In 2017 I visited family in Berea, Kentucky. I made sure to pack my easel in case I was able to get a few minutes to myself during our week-long trip. I was on the lookout for the perfect object to collage as we explored the Berea area. On one of our drives, I had noticed that there were a lot of black barns dotting the farmland. I am accustomed to barns, but the ones I see are usually red. The black paint was such a visual contrast next to the light blue skies. I thought it would be the perfect subject matter for a new collage. I made a note of the closest barn to my family’s home.
Midway through the week I got my chance to go to paint. The weather was beautiful and the afternoon was free. I asked my husband if he wanted to come along and we packed our young son—along with the paints and canvas—into the car. It was going to be a little family art experience.
We drove down the road to where I saw my black barn. It was sitting in the middle of a field on a historic Civil War battle site in Battlefield Park. We parked near the visitor center. I strapped my son into a baby wearing chest carrier. I popped a hat on his head and a pacifier into his mouth. We then grabbed the bags, easel and blanket. My husband was ready to explore the park with our boy in case he got uncomfortable against me. I was ready to explore painting while wearing the baby since I wasn’t sure what to expect.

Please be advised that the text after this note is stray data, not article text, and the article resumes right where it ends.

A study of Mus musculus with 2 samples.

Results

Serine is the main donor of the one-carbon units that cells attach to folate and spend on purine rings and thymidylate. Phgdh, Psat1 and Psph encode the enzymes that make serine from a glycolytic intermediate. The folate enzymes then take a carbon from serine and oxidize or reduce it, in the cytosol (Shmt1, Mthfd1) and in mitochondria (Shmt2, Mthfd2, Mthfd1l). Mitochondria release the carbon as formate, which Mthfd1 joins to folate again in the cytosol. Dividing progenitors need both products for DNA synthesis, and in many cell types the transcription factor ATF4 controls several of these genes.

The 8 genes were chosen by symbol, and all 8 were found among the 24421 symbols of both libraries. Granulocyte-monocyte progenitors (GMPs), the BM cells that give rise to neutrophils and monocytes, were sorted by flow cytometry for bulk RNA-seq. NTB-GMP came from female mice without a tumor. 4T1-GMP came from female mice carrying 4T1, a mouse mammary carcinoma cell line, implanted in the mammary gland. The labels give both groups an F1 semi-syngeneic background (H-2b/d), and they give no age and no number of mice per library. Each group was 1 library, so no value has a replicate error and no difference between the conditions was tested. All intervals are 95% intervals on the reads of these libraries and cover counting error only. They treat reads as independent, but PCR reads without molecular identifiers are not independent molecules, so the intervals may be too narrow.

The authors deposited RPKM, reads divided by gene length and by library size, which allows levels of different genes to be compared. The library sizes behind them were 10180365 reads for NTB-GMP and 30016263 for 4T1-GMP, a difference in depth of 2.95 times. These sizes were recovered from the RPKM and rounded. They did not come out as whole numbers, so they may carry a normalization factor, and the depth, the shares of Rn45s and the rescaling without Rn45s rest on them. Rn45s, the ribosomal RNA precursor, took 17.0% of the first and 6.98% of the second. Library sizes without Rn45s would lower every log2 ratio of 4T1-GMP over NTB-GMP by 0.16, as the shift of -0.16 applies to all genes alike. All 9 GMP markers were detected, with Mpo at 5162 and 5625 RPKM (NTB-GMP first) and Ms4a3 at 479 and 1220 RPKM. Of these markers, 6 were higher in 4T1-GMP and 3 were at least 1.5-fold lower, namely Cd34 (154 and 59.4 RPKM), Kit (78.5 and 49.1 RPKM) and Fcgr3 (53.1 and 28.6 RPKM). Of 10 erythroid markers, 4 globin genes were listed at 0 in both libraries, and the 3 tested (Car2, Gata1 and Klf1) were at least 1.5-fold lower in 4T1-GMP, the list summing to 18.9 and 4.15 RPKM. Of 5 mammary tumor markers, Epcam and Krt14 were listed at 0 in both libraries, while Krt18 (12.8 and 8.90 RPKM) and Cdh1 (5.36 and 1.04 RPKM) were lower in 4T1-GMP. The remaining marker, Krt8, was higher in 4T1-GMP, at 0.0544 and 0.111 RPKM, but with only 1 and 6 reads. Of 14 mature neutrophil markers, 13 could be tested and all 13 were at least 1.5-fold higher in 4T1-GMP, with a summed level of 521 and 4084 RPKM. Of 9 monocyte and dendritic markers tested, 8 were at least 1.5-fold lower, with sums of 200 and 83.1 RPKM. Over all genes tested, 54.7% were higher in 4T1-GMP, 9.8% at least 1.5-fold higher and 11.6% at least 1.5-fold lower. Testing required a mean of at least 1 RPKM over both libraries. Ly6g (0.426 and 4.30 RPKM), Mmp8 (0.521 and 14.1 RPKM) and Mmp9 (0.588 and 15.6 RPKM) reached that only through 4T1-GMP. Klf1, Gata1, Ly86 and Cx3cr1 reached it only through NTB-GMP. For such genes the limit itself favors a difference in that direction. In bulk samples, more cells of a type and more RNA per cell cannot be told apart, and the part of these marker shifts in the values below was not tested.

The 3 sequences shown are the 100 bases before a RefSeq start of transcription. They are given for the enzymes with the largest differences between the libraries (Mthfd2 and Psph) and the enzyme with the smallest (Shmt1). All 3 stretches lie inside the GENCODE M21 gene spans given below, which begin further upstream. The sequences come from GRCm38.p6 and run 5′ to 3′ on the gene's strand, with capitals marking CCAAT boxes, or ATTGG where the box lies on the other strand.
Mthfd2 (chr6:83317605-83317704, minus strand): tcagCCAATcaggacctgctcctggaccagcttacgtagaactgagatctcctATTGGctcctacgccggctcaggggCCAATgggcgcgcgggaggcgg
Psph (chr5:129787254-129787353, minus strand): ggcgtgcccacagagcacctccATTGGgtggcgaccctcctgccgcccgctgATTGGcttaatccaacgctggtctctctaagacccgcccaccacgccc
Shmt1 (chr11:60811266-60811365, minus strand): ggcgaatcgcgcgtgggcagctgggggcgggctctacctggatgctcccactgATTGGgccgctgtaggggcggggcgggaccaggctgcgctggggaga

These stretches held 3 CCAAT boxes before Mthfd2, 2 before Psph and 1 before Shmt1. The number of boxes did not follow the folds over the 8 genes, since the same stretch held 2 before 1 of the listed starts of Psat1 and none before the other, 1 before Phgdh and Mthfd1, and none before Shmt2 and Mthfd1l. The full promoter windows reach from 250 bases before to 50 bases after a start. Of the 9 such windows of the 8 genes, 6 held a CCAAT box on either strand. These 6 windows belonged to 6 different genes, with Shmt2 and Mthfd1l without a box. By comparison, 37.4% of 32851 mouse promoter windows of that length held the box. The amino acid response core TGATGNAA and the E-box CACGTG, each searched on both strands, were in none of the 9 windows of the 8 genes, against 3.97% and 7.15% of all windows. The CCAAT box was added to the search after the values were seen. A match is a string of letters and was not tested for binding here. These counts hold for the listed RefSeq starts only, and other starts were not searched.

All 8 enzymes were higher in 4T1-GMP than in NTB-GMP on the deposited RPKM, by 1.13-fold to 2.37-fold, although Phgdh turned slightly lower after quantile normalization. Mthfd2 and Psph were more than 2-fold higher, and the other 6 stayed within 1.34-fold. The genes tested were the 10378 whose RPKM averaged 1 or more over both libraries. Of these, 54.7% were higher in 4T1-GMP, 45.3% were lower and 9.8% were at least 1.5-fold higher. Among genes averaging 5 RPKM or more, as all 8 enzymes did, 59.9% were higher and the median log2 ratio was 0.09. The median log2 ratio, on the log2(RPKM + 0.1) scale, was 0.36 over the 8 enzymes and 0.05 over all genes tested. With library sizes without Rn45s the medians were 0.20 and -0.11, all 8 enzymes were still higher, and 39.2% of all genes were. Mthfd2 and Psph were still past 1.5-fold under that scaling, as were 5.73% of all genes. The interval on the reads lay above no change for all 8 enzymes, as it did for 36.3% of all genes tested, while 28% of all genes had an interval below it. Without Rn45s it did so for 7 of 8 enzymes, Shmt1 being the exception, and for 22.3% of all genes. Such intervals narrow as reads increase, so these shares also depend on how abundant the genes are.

The day was hot, but we thankfully found some afternoon shade. As I set up my easel with my materials I did a slow swaying dance. He decided to be a sweet guy and fall asleep for me soon after we started our walk. The park was quiet as I finally got my canvas paper attached to the easel back. I stared at the black barn in the distance for a long time before I lightly mapped it onto my surface with loose acrylic paint. Once I got the shape in, I worked quickly to lay down the first blocks of color. Then the paint was traded for paper. I brought my paper scraps along, hoping that the wind wouldn’t be an issue. I was blessed to have calm skies and could use my glue, adding a layer of paper texture to the paint drips.
In the two hours of working on the collage, here are a few thoughts I had:
Choose my piece of paper, find my paint, check the baby, repeat. My husband wanders about as I add my sky. I let drips slid down from the top. I keep the paint watered down so I can add a lot of thin layers to the grass. Finally, I get my whole surface covered with texture. My son wakes up and I look at my watch to see how long we’ve been out. It’s time to pack up and head back to the family. I can bring my painting back home to the studio to finish it. I rarely finish a piece in one sitting. Another successful start of a collage on location. Thank you for the lovely countryside, Kentucky!